A good friend from Maine named Jack recently shared a tradition from his youth with me. Rather than attend a New Year's Eve party like most people, Jack's parents took their sons on a hiking and camping trip to the top of a mountain near the coast of eastern Maine. From there, bundled in thermal underwear, wool socks, and full winter gear, they could be among the first people in America to witness the dawn of the New Year. After sunrise they made their way back to the car and headed home, resolving to make the trip again in another twelve months.
It was a remarkable sight to witness - the sun's rays rounding the horizon as shades of pink and purple illuminated their oil black surroundings. Some years the air was still enough to watch their foggy breaths whirl away and evaporate. Other years, gale force winds stung and battered them so fiercely that they had to seek shelter on the leeward sides of boulders and trees. After sunrise they made their way back to the car and headed home, resolving to make the trip again in another twelve months regardless of the weather. Eventually Jack and his brother moved away for school and work, but they still fondly recall the time spent shivering on a windy mountainside with their folks.
Celebrating the New Year allows us to take account of our successes and where we have stumbled, and to try to prepare for what's to come. We realize what is important and what isn't, really. Ask yourself, where are you devoting your energy? Do you work late? Have you returned to school to get a better education? Are you nurturing your relationship with your family? Are you taking care of yourself? Do you have enough fun?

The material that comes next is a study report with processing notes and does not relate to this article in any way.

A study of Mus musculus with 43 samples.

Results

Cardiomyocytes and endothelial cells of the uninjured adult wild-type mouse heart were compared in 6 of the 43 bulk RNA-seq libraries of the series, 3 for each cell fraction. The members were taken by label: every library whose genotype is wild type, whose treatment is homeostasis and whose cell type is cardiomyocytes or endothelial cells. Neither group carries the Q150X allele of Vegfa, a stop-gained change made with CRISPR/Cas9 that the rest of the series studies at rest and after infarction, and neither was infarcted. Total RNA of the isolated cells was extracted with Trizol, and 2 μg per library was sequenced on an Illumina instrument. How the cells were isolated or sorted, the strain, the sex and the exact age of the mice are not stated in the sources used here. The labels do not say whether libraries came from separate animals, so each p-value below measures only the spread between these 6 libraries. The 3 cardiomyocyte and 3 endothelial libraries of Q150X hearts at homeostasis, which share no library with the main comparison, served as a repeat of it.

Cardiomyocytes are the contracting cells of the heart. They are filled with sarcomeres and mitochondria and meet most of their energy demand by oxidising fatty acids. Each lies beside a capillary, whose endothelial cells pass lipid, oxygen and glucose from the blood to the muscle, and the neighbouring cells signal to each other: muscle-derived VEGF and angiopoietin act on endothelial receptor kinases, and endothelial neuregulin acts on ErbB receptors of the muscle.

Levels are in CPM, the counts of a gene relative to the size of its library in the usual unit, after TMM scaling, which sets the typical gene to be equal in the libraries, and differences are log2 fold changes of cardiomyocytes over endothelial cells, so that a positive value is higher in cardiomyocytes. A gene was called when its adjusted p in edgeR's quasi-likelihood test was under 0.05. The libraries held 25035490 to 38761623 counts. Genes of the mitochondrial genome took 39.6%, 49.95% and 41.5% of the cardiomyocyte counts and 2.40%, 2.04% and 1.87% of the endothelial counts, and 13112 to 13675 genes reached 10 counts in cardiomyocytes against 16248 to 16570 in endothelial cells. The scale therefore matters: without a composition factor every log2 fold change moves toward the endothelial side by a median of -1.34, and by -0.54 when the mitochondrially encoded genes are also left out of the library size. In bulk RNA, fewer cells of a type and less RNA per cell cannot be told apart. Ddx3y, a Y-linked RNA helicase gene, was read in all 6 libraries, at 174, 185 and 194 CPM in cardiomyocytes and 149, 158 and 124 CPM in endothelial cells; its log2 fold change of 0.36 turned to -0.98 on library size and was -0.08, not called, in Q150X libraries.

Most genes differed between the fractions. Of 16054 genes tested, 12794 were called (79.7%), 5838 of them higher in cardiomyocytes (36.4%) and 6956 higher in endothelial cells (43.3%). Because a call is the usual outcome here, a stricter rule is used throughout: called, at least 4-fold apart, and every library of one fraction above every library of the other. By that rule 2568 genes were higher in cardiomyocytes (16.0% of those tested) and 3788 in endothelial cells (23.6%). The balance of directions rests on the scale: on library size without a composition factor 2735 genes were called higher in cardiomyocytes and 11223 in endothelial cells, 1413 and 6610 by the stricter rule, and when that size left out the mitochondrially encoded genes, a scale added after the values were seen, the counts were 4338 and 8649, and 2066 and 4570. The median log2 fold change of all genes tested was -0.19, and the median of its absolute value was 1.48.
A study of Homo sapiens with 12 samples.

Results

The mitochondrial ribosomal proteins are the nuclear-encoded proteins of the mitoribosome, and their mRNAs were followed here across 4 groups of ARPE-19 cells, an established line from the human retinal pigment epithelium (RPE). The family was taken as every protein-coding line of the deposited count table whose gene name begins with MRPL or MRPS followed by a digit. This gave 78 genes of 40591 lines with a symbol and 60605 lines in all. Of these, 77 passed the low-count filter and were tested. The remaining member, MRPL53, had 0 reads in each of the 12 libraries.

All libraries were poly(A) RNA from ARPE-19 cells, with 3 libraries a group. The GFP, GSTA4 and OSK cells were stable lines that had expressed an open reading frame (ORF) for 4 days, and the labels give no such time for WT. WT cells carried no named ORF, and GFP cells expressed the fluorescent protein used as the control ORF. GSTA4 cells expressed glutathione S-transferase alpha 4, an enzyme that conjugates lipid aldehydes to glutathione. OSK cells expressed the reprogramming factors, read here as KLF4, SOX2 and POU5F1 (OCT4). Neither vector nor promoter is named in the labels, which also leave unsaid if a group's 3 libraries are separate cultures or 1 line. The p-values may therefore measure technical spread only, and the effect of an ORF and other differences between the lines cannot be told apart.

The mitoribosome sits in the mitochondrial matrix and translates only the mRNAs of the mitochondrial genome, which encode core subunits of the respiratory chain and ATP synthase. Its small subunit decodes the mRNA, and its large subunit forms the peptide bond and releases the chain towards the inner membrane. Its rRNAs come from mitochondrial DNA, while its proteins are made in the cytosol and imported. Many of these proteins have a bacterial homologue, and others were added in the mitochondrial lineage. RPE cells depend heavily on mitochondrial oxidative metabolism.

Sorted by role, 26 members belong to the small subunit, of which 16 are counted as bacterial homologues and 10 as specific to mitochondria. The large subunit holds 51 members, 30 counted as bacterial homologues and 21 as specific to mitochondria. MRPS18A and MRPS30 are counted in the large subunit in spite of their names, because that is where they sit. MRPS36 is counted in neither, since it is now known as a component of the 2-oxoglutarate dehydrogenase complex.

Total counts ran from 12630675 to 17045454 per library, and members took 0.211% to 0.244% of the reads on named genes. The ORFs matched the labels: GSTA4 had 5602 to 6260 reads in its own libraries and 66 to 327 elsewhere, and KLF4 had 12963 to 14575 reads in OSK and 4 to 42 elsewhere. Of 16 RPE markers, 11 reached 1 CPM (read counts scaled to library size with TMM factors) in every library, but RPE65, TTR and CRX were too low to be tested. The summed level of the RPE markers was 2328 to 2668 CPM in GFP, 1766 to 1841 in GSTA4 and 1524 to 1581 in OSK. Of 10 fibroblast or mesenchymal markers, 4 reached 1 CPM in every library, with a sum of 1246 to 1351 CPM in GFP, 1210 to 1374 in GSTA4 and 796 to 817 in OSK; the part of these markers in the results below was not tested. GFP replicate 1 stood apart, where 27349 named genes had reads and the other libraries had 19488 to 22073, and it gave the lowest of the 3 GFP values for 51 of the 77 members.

Recently, and rather suddenly, my grandmother passed away, leaving my family and me stunned and heartbroken. She balanced work, school, family, and health with finesse and one overarching goal in mind: be able to spend time with her loved ones. I will always remember her through the experiences we shared - traveling to Alaska on a cruise, sailing in the Bahamas, taking road trips to unfamiliar places in California, Tennessee, and Iowa. She and my grandfather were bitten by the travel bug early in life and strived to visit new states, regions, and countries whenever they had the chance. Traveling and sharing her unique encounters with us was among her favorite pastimes, and making friends along the way was second-nature.
In following her example, I'm challenging myself (and all of you camping road trippers) to seek out more experiences in 2012. Drive or bike to a place you've never been, plan a rafting trip with your friends and camp out under the stars, take your niece or nephew to a state park and show them how to build a fire. Whatever you do, get up, go out, and do something strange, weird, new, and exciting. My goal is to discover Utah this spring. Zion, Moab, and Arches National Parks are all there. Park City, Brian Head, and Sun Valley provide excellent places to snowboard. There's also rafting, golf, hiking, biking, and countless other ways to stay busy.
Perhaps it sounds cliché, but none of us is getting any younger. 2012 is the year to pack up your RV and take that cross-country road trip. 2012 is the year to connect with your son or daughter. There are 3.79 million square miles of America out there, and 2012 is your year. I suggest you get started immediately.
Copyright ©2011 Camping Road Trip, LLC
Find campgrounds and RV parks - Smart Search Now.
Read campground and RV park reviews to help you find the perfect place to stay.